Is a mobile app better than a mobile website?
Mobile website vs. mobile app can be a heated debate.
Many people feel that you don’t need a mobile app, you just need a website that looks good on mobile devices. Others say that mobile apps have benefits that a website cannot provide. Who is right?
Everyone needs a responsive website that looks great on mobile. It’s not really that hard to get a responsive website, and there are no downsides.
People are going to view your website on their devices, and you need to support that. It’s obvious that you need a responsive website, but do you also need a mobile app? Is a mobile app better than your mobile website?
Let’s look at whether a mobile app or a mobile website is better for your business.
Mobile website pros and cons
A mobile website is usually not a separate website, it’s a responsive design that works for all screen sizes. Mobile visitors should be able to access most of the content you have on your full website, but in a way that is optimized for smaller screens.
I believe everyone should have a mobile website, so these pros/cons are really just for comparison to a mobile app.
- Inexpensive – usually included in the price of designing your website
- Works on all devices – you don’t need a separate site for iOS/Android
- Easy to setup – no submitting to app stores, you just need a domain and hosting
- No push notifications
- No offline access
- No app store presence
- Poor design can cause problems like:
- Performance issues
- Cluttered design
- Poor usability
Well designed mobile websites can be a huge business asset. Since almost 1/3 of internet traffic is mobile,it’s obvious you need one.
They are inexpensive to setup, available on all devices, and easy to maintain and update.
Where mobile websites fail
I’ve visited one too many websites on my phone that were poorly optimized for mobile, and made me immediately go elsewhere. Some mobile sites can be cluttered with ads, popups, and content you don’t need to see on mobile.
Mobile websites can also be over-optimized, trying to make it look and feel like a native app. This usually makes things worse, with choppy animations and over-designed layouts. There are lots of funny examples of people screwing up their mobile websites on the WTF mobile site.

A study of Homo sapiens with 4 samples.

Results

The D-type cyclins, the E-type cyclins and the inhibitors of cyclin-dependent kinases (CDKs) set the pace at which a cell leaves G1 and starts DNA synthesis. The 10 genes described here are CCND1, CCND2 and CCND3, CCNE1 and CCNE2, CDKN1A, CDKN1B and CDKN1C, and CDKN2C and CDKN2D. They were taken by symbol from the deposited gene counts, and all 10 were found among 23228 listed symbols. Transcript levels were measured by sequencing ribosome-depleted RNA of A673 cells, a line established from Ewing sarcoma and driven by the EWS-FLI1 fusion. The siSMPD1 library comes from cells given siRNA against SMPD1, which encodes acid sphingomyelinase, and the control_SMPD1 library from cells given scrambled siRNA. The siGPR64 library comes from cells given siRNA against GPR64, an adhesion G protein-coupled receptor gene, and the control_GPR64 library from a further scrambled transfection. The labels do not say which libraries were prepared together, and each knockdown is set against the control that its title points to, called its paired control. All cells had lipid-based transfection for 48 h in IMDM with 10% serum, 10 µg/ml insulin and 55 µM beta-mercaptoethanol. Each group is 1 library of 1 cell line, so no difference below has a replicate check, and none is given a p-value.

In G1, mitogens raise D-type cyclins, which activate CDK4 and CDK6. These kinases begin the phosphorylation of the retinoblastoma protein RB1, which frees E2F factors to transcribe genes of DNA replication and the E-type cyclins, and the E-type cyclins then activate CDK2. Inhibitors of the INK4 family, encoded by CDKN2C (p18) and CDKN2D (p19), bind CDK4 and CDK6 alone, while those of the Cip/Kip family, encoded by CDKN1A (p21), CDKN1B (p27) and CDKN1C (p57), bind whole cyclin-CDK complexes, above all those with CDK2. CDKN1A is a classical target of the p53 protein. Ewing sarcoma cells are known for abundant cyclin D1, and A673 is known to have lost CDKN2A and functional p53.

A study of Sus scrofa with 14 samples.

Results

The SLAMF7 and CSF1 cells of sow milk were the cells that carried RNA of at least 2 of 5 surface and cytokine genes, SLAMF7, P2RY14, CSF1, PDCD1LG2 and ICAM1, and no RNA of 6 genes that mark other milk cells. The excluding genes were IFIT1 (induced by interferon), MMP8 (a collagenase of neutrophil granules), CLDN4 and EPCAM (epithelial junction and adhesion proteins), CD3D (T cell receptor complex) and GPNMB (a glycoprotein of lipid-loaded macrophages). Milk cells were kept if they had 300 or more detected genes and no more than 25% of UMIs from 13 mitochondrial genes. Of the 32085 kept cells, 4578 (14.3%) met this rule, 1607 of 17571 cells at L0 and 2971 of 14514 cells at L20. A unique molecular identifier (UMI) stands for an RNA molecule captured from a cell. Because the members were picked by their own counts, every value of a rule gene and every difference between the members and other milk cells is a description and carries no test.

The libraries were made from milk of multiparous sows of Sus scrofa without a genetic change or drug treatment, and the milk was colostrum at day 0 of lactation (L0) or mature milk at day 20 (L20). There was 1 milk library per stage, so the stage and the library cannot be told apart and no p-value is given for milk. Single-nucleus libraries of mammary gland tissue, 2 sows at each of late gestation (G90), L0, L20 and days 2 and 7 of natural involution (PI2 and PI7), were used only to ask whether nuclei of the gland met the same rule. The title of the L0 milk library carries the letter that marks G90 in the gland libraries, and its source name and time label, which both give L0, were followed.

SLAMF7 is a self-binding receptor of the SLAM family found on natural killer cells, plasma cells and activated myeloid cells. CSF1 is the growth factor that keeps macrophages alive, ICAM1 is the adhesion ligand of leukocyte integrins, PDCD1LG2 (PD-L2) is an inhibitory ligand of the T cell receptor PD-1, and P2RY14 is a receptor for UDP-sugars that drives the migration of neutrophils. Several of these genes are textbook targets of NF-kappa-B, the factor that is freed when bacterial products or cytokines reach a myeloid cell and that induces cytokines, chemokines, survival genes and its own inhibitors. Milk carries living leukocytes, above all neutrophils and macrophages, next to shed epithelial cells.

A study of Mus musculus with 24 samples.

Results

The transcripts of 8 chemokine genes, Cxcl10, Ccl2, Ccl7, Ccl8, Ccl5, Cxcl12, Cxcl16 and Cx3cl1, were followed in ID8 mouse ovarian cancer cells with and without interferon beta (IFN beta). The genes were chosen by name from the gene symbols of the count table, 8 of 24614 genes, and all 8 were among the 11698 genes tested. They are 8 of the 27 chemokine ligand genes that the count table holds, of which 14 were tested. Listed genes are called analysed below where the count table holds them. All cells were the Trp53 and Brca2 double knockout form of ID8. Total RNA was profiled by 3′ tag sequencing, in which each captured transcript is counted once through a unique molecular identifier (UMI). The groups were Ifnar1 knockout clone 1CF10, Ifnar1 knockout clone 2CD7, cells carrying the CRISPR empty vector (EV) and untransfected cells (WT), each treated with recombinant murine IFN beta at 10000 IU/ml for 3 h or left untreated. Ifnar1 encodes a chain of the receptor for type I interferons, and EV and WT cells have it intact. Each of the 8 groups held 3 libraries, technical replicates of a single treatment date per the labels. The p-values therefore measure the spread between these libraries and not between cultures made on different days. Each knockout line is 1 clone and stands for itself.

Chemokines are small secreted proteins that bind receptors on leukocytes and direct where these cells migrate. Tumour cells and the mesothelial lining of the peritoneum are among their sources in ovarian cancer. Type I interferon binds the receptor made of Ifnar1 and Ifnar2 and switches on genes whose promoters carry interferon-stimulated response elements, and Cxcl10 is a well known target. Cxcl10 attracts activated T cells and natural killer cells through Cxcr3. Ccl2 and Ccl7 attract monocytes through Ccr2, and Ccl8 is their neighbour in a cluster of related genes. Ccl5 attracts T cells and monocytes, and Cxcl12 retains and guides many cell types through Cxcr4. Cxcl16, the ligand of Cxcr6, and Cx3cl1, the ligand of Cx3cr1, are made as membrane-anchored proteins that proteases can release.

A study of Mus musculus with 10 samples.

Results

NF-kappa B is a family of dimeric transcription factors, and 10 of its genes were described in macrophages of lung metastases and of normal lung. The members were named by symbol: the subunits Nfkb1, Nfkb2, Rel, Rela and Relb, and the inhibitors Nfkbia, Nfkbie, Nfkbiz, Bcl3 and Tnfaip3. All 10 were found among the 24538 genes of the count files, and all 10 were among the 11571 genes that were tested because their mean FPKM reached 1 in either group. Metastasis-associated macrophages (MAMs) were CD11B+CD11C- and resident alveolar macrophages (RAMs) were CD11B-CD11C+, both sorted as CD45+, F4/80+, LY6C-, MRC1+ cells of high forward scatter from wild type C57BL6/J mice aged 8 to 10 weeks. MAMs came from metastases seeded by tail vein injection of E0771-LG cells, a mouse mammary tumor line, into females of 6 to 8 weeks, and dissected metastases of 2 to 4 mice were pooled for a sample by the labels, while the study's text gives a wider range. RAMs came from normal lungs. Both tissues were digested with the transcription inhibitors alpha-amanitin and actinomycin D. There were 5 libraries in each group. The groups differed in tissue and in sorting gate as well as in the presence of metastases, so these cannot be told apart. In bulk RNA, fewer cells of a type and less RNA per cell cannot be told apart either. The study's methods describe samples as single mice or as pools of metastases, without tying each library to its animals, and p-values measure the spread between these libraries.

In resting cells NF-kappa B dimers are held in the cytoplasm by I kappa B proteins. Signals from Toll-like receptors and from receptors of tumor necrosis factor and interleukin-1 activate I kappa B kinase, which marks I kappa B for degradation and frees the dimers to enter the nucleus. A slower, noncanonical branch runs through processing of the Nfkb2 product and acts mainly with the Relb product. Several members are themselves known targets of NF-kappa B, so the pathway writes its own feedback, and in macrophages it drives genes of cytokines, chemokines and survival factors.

Even big companies with plenty of resources are guilty of this. Click the image below on the left and you’ll see a site covered in so much crap it’s hard to even read the content. Perhaps worse is a site that is not responsive, so the text is unreadable on a phone, and they even have the nerve to show me a popup!
A well designed mobile site can take care of many of these problems, but it still can’t do things a mobile app can do. You’ll see the images of a mobile app above on the right, where the content can use up 90% of the screen, making for a much nicer experience.
Let’s take a look at the advantages and disadvantages of a mobile app.
Mobile app pros and cons
Mobile apps can do things websites can’t, like push notifications and offline access, but they also have cons. They aren’t necessary for some people, for example if you are a casual mommy blogger you probably don’t need an app. However, many businesses can benefit from one, let’s look at the pros and cons.
- Push notifications – send text messages to your subscribers
- Offline access – read articles, listen to podcasts, or browse a product catalog while on an airplane
- Great performance – a well designed app can be faster than a website
- Less cluttered – this depends on the website design, but apps tend to have less stuff
- Get on the app stores – it’s another way to get in front of your customers, you also get a button on their homescreen
- Extra expense – while some apps are affordable ($49/mo for example) it’s still another cost
- Extra setup – you have to setup the app and submit to the app stores
Mobile apps can help your audience get to your content faster, and keep them engaged better. Sending push notifications is a huge advantage, whether you are publishing articles or selling products.
Apps are better for accessing content offline, such as listening to audio or reading an article on an airplane.
They can cost extra time and money, and not all businesses are prepared for that.
The winner depends on your business. For the casual blogger, the mobile website wins. For a company like Instagram, the mobile app wins.
For many businesses, the winner is a combination of both. A two-pronged mobile strategy can leverage both a mobile site and an app for maximum distribution of your content.
One example would be an online store. Why not let visitors purchase through your website, as well as an app? Churches can use an app to release updated sermon notes before the service, and recorded audio/video afterwards. Restaurants can offer updated menus, directions, and online ordering. Magazines can send push notifications when new articles are published.
Instead of one or the other, consider incorporating both into your mobile strategy.